By Jocelyn Voo
CNN.com | November 19, 2007
(LifeWire) -- With social networking sites like Facebook and MySpace now in the digital dating mix, there are plenty of new chances to meet the right -- and wrong -- people online.
Grayson Currin, 24, of Durham, North Carolina, who describes himself as a "big, burly guy," posted his band's photograph on his MySpace account and started getting messages from a girl in Canada who had a thing for large, hairy guys. "It felt a little unnatural to me," says Currin. "I don't send messages to random girls. I think that's creepy."
Jennifer Kelton, a Los Angeles-based writer and creator of the social networking and dating site BadOnlineDates.com maintains that social networking sites offer an attractive alternative to more established online dating sites like Match.com or eHarmony.
"People are fed up with the online dating world," says Kelton. "They realize that there is a lot of misrepresentation out there. On a social networking site you are interfacing with people on a different level. Facebook and MySpace create more of a safe and loving environment," she contends.
Between MySpace and Facebook, there are thousands of dating and relationship groups that give people a chance to commiserate, learn the ins and outs of dating or scratch a particular itch -- like in Facebook's group, "Have You Loved An Engineer Today?"
There can also be a certain seal of approval that comes with approaching someone in your friend's social network -- almost like a blind date arranged by your buddy -- assuming your friend is discerning about linking to others online and game to let you try. That's not to say, though, that issues of online security aren't just as pressing on a social network as on more established dating sites -- especially for kids and teenagers.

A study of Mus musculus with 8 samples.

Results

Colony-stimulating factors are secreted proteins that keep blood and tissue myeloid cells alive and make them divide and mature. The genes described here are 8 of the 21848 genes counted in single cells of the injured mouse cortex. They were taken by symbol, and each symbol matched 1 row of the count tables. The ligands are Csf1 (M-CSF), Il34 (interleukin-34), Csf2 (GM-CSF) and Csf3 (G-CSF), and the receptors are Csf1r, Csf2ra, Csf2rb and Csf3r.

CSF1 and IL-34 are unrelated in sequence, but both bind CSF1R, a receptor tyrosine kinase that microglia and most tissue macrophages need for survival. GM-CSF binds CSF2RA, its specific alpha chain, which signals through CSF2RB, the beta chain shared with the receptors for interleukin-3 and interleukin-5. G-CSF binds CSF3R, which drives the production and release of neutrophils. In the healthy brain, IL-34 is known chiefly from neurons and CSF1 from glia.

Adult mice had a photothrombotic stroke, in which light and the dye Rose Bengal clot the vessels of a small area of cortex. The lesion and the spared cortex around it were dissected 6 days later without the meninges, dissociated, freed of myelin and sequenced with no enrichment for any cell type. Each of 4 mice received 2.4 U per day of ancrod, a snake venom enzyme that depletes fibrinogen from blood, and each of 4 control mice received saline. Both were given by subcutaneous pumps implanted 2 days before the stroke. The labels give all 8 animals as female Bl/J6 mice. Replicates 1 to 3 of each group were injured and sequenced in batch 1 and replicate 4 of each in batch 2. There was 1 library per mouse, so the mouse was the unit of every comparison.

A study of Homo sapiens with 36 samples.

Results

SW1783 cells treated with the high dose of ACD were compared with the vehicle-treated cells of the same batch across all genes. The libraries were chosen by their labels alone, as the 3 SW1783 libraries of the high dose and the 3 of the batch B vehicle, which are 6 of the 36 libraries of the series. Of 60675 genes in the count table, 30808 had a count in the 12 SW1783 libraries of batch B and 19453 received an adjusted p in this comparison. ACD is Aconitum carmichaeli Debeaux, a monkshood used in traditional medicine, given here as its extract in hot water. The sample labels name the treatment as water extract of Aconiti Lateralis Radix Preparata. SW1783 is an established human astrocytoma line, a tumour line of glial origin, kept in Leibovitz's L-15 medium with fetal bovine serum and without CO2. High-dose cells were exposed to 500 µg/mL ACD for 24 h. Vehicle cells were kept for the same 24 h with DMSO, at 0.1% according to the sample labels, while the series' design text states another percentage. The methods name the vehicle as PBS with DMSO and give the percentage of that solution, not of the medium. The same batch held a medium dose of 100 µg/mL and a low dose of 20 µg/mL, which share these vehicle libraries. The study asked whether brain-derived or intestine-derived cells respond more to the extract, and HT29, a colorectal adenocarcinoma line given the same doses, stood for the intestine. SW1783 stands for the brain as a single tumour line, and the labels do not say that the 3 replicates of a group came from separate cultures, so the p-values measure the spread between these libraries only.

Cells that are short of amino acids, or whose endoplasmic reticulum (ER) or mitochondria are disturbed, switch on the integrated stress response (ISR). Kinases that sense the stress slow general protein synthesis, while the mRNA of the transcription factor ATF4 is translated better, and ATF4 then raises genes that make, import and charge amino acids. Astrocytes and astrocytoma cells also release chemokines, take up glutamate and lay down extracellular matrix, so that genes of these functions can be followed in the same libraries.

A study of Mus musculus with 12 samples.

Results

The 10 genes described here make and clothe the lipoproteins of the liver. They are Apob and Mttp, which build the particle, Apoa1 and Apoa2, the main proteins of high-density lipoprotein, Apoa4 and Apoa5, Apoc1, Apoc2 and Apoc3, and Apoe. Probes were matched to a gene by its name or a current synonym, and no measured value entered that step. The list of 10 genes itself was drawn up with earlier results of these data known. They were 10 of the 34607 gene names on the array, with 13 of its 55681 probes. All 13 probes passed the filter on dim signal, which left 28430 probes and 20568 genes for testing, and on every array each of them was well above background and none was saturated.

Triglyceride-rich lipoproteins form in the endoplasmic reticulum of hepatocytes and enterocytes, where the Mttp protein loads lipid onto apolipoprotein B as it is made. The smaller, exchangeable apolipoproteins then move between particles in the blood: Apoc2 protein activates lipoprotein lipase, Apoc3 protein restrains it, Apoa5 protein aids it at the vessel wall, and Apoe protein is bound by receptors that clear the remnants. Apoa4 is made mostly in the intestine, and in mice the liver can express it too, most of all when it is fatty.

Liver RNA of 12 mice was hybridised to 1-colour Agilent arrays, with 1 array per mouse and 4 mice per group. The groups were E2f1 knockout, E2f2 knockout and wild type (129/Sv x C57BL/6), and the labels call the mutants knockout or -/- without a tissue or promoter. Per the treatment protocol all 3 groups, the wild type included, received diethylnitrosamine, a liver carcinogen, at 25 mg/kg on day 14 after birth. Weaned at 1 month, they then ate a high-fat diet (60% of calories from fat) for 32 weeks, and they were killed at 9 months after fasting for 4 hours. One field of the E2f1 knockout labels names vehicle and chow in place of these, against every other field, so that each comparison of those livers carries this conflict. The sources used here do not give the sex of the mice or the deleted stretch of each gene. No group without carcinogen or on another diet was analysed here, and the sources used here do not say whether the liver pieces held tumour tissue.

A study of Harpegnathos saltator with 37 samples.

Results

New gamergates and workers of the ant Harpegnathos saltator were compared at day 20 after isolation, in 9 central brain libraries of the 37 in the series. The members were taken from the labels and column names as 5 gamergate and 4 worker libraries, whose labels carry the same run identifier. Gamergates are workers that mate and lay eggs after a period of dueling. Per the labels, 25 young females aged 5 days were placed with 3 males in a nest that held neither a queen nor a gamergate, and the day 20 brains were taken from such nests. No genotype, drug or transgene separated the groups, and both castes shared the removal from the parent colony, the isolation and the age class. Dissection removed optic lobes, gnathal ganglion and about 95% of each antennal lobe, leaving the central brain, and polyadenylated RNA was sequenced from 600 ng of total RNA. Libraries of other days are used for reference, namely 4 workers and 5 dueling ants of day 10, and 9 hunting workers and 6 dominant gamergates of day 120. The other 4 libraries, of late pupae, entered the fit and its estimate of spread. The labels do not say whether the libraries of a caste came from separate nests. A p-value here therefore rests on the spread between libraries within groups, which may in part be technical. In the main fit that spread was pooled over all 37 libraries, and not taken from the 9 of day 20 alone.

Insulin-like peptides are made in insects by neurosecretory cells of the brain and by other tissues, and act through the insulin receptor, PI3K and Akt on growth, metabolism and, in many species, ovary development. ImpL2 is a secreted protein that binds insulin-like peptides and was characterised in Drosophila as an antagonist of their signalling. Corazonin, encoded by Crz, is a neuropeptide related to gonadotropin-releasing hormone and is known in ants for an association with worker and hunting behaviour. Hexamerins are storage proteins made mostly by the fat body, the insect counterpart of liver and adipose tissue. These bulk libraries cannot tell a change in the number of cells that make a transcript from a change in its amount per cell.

On October 16, New York Attorney General Andrew Cuomo announced an agreement with Facebook to enhance safety practices on its site, particularly for teenagers and younger children. MySpace followed Connecticut Attorney General Richard Blumenthal's criticism of its protections against sexual predators by removing 29,000 convicted sex offenders from its database in July.
But is online dating on social networks or even more established dating sites any more dangerous than connecting with people in more traditional ways? At least one expert thinks maintaining perspective is important.
"I just think that (the media and society) can create a constant sense of paranoia to the point where it's paralyzing," says Evan Marc Katz, author of "I Can't Believe I'm Buying This Book: A Commonsense Guide to Successful Internet Dating."
According to a study from the Pew Internet and American Life Project, 31 percent of American adults know someone who has tried dating online. The Pew study also revealed that 43 percent of people who have actually tried online dating consider it a risky pursuit.
In any event, it's wise to exercise common sense and take a few basic precautions when meeting through social-networking and online dating sites.
- Do you get what you pay for? Fee-based dating sites like Match.com and eHarmony tend to attract people genuinely looking to connect because they require members to fill out a detailed personal profile and pay a fee before getting full access to the site. Nevertheless, check these and other sites' privacy protection policies, as well as any safety tips they offer.
- Maintain privacy. Both MySpace and Facebook have privacy settings so you can control who views your profile and sends you comments. Some dating sites like Match.com also have similar features that allow users to block e-mails or hide their photos, for example.
- Never give out personal info on your profile. Never give out your street address, e-mail, or home or work telephone number until you feel completely safe doing so. Create a separate e-mail address specifically for meeting people online that doesn't reveal either your place of business or your real name.
- Go slowly before meeting in person. The natural progression of most online relationships is from e-mails to phone calls to in-person meet-ups -- but there's no need to rush it. "Definitely talk on the phone at least twice before meeting in person. People can be very different from their online personality," advises Amy Behrens, a 25-year-old consultant and graduate student from Boston, Massachusetts, who has been on more than a dozen dates stemming from online encounters.
- Map out the entire date. When meeting face-to-face for the first time, make sure to meet in a public place, and don't accept a ride from the other person. Let your friends know where you are. Plan a low-pressure activity with an easy "out," like a coffee date. "I never go on a first date that is longer than a drink or coffee," says Behrens. "You can always extend the date, but it's harder to shorten it."